View Full Version : Checking for knife straightness

07-19-2013, 06:41 AM
I recently have had a number of questions on and/or about this subject and i thought it might be nice to clarify a few things. Checking a knife for straightness can be very useful and is a very important part of knife sharpening. Here are a few notes on the subject-

-There are two knives of straightness one needs to be concerned with... warping from side to side and torsional twisting. Torsional twisting can sometimes be a problem and sometimes not (depends on the type of knife, grind type, and severity). Side to side twisting is almost always a problem (i say almost always because there may be a time when it is not... i just cant think of one off the top of my head).

-Checking for straightness is best done using your eyes, sighting down the blade in a variety of ways and from a variety of angles. However, it does take time to train your eyes to be able to see this well. Severe problems will be easy to see, but less severe problems can sometimes be very difficult to see. You will often sight down the blade spine from handle to tip and tip to handle, as well as the same with the edge side. It can also be a good idea to take a more straight on look down at the spine and edge. It can also help to look at the knife from the spine and edge, while holding it parallel to the ground with the tip facing to the right or left and the handle the opposite.

-It is not usually a good idea to test by laying the blade on something flat. This is for a few reasons. Most flat looking things are not flat. However, moreover, the grind on the sides of the knives will effect how this blade appears. For example, asymmetric knives may appear to be flat on one side while on the other the tip may appear to be bent upwards. This is an optical illusion and is a function of the grind and they way it lays on the flat surface.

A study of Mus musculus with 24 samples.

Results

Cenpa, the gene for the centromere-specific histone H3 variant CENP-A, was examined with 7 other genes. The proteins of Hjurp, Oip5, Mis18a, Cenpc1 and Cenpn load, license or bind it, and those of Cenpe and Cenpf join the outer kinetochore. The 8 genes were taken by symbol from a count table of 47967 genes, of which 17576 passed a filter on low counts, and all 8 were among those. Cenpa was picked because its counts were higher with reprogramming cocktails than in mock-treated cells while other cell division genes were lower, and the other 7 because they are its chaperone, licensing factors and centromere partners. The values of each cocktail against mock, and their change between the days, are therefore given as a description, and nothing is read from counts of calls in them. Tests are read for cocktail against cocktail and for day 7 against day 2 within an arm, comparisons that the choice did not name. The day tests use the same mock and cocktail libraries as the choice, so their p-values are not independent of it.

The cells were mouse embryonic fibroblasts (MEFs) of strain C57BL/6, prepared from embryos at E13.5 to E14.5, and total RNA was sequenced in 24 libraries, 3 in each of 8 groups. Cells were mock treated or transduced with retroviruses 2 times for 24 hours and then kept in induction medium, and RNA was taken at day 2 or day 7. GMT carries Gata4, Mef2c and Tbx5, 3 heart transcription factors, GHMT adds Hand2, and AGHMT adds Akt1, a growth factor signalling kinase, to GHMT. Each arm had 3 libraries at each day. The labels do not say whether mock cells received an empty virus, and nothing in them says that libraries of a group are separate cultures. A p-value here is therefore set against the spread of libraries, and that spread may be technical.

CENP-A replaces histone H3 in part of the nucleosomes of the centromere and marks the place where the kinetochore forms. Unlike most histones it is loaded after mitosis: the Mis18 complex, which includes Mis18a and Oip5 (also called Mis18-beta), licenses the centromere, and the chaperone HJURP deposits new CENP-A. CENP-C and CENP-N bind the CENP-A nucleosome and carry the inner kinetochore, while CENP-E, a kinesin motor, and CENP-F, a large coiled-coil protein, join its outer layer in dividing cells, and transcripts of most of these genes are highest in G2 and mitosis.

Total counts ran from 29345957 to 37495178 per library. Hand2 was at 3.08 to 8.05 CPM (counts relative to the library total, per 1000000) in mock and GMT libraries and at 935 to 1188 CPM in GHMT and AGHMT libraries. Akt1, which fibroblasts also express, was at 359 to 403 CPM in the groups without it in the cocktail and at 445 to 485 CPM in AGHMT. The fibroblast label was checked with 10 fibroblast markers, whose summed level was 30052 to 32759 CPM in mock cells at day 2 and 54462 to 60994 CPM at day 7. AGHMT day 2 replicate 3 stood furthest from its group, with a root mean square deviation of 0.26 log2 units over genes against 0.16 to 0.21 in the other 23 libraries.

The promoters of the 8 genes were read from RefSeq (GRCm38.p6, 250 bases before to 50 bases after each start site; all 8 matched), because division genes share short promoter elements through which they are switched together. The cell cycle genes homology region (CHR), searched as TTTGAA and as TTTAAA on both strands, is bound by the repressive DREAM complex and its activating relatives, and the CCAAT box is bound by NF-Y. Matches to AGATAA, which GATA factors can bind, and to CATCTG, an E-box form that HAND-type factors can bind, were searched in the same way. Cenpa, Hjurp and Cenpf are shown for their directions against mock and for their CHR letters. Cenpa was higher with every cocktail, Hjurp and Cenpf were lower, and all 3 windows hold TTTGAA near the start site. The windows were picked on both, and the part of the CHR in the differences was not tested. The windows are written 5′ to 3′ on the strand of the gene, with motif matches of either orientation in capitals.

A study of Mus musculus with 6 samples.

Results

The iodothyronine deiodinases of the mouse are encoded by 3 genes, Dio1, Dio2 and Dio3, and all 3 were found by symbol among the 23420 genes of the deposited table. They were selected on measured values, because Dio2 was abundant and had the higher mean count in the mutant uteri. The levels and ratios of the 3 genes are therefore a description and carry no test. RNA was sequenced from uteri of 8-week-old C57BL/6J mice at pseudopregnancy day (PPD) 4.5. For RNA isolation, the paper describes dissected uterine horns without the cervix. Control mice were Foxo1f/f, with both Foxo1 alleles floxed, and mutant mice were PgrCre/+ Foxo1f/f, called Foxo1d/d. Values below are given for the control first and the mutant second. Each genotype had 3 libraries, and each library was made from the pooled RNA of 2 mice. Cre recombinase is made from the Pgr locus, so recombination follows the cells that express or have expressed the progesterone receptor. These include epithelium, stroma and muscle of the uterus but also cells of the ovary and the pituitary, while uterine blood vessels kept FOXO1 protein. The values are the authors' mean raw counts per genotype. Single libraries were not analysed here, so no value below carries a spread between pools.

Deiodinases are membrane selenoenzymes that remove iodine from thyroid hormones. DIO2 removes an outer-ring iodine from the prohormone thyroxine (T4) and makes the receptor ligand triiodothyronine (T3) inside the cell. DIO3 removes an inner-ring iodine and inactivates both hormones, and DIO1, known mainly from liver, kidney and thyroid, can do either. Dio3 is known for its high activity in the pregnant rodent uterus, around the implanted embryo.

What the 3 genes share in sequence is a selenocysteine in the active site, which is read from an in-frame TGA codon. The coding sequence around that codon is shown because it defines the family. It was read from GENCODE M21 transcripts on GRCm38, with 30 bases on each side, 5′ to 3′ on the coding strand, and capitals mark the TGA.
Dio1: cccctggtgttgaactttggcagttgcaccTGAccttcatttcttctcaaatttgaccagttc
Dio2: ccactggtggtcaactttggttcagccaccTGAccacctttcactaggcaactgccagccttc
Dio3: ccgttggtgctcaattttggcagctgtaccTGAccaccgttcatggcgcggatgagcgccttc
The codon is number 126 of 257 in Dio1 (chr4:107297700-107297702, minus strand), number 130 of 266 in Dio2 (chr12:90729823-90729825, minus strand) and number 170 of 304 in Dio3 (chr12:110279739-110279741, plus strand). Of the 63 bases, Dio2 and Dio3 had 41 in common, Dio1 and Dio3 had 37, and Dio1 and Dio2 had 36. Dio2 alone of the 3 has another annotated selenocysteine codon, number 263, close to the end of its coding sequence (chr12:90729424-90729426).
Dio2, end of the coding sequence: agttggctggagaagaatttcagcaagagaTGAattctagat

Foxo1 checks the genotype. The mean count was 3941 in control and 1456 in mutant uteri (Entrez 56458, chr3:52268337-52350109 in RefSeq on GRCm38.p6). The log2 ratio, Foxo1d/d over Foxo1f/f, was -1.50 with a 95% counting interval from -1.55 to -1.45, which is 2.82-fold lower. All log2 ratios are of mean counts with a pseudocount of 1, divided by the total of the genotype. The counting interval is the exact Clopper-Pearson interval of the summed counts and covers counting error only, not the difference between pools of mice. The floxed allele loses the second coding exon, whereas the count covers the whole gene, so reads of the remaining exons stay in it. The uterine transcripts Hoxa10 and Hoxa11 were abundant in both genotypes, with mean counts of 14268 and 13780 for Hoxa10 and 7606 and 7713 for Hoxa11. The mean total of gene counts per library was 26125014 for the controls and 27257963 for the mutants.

-Slight warping on single bevel knives is sometimes seen. I had many discussions about this with very well respected professional chefs as well as knifemakers (sharpeners and blacksmiths). Server warping can be a problem in use and sharpening. Slight warping can be corrected through sharpening and does not need to be twisted back by hand (which i highly recommend not trying yourself... it is very difficult to do well and can potentially cause significant damage to the knife, not to mention you). Chefs and craftsmen agree that slight twisting does not effect performance in cutting and is best fixed by sharpening. More severe warping can be fixed by one of two ways... one will require refinishing the knife, but is the better solution. The other is more difficult and dangerous, doesnt provide as good of results, but can be done without refinishing the blade. I do not plan to share these on here, as when things like this have been shared in the past, many people attempt to do it and i end up seeing a lot of major problems that i need to fix. Sorry guys.

-Bending from left to right is often fixed with a tool used to bend the knife back. However, its not quite as simple as just picking the bent spot and bending it back. Like i mentioned above, when things like this have been shared in the past, many people attempt to do it and i end up seeing a lot of major problems that i need to fix. So i dont plan on explaining this in more detail to try to minimize this kind of problem. However, for those that have been to my shop, you can see me do this on a somewhat regular basis. This also requires great skill and experience to see well, and it has been my experience that fixing this kind of warping well also requires training and practice. I cant tell you how many knives i see for repair that people have tried to fix at home. Even when things seem to be fixed, there are often problems that the owner cant see. Anyways, this kind of repair is necessary to do before attempting sharpening. Sharpening a bent knife will cause issues with the bevel, profile, and geometry of the knife.

Again, i highly recommend not attempting this at home. Not only are the fixing processes potentially dangerous, but the chances of causing more damage than good are very high. I have spent a long time training in Japan to be able to do this well... not only in the actual repair process, but also in assessing the problems through visual inspection.

Hope this helps.


07-19-2013, 10:17 AM
Interesting post Jon, thanks for sharing. Something in particular prompt this? :)

07-19-2013, 10:24 AM
there were quite a few things recently, including conversations with many of the knifemakers in japan about these kinds of things.